The manufacturing and engineering sectors currently provide more than one in seven of all UK apprenticeships.
This is the finding of a survey by the manufacturers’ organisation EEF, which found that nearly 80 per cent of its members were committed to hiring people on apprenticeships, Process Engineering reported.
In total, 78,000 apprenticeships were started across the sectors in 2015/16, EEF revealed.
Verity O’Keefe, EEF’s Senior Employment and Skills Policy Adviser, told the website: “Manufacturers are great champions of apprentices and for many years have offered high-quality apprenticeships that frequently turn into longer-term careers with the same company.”
However, EEF’s research also shows that more needs to be done to attract young people to apprenticeships, with almost seven times more school leavers going on to higher education than into an apprenticeship scheme.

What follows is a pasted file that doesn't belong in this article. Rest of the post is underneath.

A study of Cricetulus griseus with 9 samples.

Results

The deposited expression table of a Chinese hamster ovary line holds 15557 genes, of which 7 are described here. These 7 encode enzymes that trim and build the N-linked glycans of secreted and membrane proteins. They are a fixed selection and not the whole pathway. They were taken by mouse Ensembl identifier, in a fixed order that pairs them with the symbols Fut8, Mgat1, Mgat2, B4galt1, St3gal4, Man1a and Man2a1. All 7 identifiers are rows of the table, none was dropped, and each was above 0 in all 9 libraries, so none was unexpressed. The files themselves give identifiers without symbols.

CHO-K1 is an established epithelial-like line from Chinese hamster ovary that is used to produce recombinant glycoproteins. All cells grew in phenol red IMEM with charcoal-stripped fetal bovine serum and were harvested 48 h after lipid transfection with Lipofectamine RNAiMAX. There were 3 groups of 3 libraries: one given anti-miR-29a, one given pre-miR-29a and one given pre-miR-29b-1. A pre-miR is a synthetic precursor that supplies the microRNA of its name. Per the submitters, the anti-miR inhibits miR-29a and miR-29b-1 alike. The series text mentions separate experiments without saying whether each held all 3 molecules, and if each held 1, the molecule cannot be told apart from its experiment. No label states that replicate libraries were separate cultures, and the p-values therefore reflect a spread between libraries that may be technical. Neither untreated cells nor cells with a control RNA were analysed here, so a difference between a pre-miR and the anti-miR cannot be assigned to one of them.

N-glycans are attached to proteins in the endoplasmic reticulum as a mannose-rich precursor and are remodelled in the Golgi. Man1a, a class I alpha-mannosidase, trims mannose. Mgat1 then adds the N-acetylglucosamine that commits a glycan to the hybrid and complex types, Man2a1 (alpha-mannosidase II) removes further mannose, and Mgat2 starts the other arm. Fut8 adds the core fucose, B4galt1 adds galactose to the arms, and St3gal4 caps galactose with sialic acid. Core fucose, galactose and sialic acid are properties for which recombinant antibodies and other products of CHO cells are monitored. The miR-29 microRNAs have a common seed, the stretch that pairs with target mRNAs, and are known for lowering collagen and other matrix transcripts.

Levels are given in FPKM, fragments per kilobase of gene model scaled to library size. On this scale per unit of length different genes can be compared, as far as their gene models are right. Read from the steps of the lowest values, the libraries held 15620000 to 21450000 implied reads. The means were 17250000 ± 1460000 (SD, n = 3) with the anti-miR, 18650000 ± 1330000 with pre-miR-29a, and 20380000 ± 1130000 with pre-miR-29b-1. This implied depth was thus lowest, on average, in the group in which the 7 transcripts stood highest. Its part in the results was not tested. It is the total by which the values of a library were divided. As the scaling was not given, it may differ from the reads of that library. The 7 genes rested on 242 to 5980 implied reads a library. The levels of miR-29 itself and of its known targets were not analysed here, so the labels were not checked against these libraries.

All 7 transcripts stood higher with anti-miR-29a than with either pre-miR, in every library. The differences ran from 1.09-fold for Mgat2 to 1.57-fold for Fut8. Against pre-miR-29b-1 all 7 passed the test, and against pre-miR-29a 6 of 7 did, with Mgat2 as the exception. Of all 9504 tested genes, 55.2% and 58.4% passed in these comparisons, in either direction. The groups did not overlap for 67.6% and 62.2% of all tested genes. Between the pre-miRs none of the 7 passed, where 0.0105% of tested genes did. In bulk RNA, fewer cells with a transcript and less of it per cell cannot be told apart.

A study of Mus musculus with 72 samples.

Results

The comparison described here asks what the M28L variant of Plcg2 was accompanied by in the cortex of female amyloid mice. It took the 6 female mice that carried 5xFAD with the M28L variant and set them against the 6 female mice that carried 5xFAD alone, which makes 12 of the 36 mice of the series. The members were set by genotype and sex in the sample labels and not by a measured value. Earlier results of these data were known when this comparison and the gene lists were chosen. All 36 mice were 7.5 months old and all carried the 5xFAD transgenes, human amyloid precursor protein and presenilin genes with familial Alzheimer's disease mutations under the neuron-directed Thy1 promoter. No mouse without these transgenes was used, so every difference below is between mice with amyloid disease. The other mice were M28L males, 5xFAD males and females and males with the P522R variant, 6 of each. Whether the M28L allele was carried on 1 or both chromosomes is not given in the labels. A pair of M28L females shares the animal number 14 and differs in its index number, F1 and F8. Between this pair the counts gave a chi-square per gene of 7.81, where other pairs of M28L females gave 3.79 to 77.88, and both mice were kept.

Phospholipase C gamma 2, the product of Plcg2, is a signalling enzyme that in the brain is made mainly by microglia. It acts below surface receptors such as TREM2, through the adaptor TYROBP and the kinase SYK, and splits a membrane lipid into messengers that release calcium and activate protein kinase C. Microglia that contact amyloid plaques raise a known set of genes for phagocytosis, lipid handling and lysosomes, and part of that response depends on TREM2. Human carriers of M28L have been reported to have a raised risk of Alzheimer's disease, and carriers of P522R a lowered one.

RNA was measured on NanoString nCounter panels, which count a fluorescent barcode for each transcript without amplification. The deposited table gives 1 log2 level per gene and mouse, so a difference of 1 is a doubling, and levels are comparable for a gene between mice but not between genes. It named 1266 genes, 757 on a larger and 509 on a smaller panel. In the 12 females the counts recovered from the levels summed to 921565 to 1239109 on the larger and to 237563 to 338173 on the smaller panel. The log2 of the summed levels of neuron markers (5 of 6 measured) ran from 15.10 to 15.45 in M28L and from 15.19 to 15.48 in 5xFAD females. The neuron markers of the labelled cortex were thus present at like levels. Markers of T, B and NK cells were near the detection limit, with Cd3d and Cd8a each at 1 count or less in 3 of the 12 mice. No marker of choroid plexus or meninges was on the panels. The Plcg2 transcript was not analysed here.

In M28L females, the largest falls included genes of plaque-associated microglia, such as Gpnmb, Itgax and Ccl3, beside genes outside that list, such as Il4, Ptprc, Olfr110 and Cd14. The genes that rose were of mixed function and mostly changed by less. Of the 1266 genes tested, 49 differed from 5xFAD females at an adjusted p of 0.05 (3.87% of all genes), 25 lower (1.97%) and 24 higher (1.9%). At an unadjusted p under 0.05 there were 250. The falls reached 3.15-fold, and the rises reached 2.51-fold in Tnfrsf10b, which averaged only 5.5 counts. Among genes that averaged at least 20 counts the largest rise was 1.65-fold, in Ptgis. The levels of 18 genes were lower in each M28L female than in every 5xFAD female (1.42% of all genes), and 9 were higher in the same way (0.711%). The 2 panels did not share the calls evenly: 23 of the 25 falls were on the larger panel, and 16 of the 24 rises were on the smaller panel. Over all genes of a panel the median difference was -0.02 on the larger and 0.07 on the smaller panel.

Any employer taking on apprentices needs to make sure they communicate emergency response plans effectively with new employees, especially those who are new to this kind of working environment.
The importance of providing proper training and supervision to younger workers was highlighted last month when the HSE prosecuted a landscaping company after a 16-year-old on work experience severed a finger while working unsupervised on a log splitter.
As he was alone onsite at the time of the incident, no first aid was administered immediately following the accident and as a result he lost his finger as his injuries were too severe by the time he reached a hospital.
HSE Inspector Simon Jones stressed that any organisation taking on apprentices of this age “must take into account the young person’s inexperience”.